On moving into the home a purchaser may find that certain items do not work or are in an unexpected condition. The item may not have worked when the purchaser first inspected the property.
Provided the vendor (or agent) did not misrepresent its condition (see the contract) the purchaser will have no claim against the vendor. This emphasises the importance of fully inspecting the property before agreeing to buy or during the cooling off period. This includes testing the taps, electrical systems, stove, heater and so on. Ideally, the property should be inspected by someone such as a builder. If it is proved that the agent or vendor misrepresented the condition of the property prior to the entry into the contract, the purchaser may have an action in damages to recover the difference in value. Legal advice should be sought.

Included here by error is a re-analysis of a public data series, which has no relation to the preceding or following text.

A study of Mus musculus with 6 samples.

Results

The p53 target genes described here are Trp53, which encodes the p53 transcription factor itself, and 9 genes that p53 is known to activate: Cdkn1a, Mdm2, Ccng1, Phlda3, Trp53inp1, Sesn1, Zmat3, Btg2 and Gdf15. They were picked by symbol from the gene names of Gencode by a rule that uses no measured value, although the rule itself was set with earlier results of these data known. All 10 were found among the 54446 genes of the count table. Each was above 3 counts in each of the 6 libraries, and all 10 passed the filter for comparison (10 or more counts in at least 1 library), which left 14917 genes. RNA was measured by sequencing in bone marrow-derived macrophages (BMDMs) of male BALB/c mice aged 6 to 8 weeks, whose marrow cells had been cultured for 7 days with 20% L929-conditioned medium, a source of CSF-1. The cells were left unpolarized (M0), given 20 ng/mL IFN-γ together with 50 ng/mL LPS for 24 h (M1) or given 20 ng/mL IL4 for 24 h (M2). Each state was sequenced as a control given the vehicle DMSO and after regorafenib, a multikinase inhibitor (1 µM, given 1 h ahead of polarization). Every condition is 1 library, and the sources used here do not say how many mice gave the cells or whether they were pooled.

Even if the property is fully inspected things can happen before settlement. For example, the hot water service might break down. Usually, a contract states that the risk (of any damage) passes to the purchaser once the contract is accepted.
So if things break down with normal usage, or if the house burns down accidentally, the purchaser has no claim against the vendor. To be able to claim from the vendor, the purchaser will have to prove that it is most likely that the vendor negligently caused the damage after the sale was entered into.
The content of the Law Handbook is made available as a public service for information purposes only and should not be relied upon as a substitute for legal advice. See Disclaimer for details. For free and confidential legal advice in South Australia call 1300 366 424.